Neutrinos are extremely light, very weakly interacting particles produced in weak processes like beta decay or fusion. In fact, most neutrinos passing Earth originate in our sun. Their cross-sections are so low that one needs to build huge detectors like Super-Kamiokande in Japan, holding 50,000 tons of water, to observe them, in spite of the fact that trillions of them pass through our body every second.
While a lot of progress has been made in neutrino physics, some of their fundamental properties are still unknown, including their masses, the mass hierarchy, and the question of whether neutrinos are Majorana or Dirac particles (i.e., whether they are their own anti-particles).
One of the most promising experiments aiming at answering these questions is neutrinoless double-beta decay (0νββ): Basically, for some isotopes beta-decay is energetically forbidden, which allows to detect the double-beta decay (i.e., converting two neutrons into protons simultaneously). In this rare process, usually two neutrinos are produced, but if neutrinos are Majorana particles, they could annihilate, leading to a neutrinoless double-beta decay. Several experiments worldwide are currently searching for these decays, but no detection has been achieved so far.
Assuming that neutrinos are Majorana particles, upper limits on neutrino masses can be obtained from the lower limits on the 0νββ lifetime. This extraction is based on theoretical nuclear matrix elements (NMEs), which evaluate the 0νββ transition operator between the initial and final nuclei and hence depend on their structure. Since 0νββ candidates relevant for experimental detection have masses that range from A=48 to A=150, the nuclear shell model is an ideal choice to perform the many-body calculations.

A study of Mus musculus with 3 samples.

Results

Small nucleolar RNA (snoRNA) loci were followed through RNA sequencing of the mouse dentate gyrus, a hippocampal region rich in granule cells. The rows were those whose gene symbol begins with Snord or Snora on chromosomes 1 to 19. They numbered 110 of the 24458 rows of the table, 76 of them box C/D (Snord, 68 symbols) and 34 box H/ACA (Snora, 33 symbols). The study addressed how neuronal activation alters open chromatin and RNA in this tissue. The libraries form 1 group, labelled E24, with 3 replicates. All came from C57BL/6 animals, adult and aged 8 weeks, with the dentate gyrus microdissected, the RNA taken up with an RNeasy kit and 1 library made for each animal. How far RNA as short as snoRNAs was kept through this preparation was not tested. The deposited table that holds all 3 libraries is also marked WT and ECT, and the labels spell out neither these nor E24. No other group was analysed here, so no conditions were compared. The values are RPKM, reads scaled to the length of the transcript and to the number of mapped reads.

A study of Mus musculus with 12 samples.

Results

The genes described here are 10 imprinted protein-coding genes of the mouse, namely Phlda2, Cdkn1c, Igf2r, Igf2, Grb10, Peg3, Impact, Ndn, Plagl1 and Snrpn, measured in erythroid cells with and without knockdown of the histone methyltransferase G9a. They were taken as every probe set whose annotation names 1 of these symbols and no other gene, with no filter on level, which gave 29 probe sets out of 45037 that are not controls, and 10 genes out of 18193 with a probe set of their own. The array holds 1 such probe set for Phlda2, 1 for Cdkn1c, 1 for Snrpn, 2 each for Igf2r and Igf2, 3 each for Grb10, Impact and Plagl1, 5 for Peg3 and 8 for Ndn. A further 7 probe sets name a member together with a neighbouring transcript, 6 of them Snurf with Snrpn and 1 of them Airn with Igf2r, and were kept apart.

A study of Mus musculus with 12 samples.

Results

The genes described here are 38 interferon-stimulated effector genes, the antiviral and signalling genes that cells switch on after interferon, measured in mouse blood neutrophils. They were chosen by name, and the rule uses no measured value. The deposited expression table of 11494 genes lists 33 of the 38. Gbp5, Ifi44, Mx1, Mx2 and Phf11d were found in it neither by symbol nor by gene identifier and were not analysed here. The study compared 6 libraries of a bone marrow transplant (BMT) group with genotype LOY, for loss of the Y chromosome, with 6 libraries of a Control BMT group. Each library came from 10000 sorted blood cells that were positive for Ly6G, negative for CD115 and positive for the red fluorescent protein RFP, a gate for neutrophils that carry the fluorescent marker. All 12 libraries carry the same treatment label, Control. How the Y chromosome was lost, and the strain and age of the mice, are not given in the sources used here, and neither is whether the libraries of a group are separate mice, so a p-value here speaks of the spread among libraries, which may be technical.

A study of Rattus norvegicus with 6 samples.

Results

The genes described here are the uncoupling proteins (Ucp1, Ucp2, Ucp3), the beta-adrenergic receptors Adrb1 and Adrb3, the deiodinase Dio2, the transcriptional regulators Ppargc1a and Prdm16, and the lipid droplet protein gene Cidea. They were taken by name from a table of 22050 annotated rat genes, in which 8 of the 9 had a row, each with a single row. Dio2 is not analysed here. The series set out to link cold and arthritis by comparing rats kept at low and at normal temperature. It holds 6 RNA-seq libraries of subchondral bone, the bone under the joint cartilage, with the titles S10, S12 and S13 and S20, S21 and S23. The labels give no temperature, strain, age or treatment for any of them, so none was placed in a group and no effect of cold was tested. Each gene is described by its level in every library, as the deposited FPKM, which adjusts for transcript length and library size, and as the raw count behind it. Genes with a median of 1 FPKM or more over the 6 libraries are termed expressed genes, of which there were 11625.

A proper description of the 0νββ transition operator is also needed. Most calculations performed so far are based on one-body currents (operators), but we have also recently introduced corrections in the form of two-body (2b) currents which account for the nucleon-nucleon interactions within nuclei. These 2b currents are predicted in chiral effective field theory and are consistent with nuclear interactions obtained in the same framework. Our first calculations suggest an important impact of 2b currents on NMEs of about 20%.
Aside from being of interest from a particle-physics point of view, neutrinos also play an important role in astrophysics, probably powering the dynamics of supernova explosions and setting the conditions for the nucleosynthesis of heavy elements. Hence, we would like to improve our models of how they interact with supernova matter, i.e., matter which is neutron-rich, hot, and dense (1011 - 1014 g/cm3).
Interactions of interest from a nuclear physics perspective include bremsstrahlung and neutrino pair emission (NNνν↔NN), inelastic scattering on nucleon pairs (NNν↔NNν), as well as the corresponding charged-current processes (e.g., nnν↔npe) and (anti-)neutrino capture on a single neutron (proton). Some of these processes are not included in current supernova simulations, while the cross-sections for others are based on out-dated nucleon-nucleon potentials. The goal of our project is to provide better input for these simulations and work closely with people in the supernova community to evaluate the impact of our findings on supernova dynamics.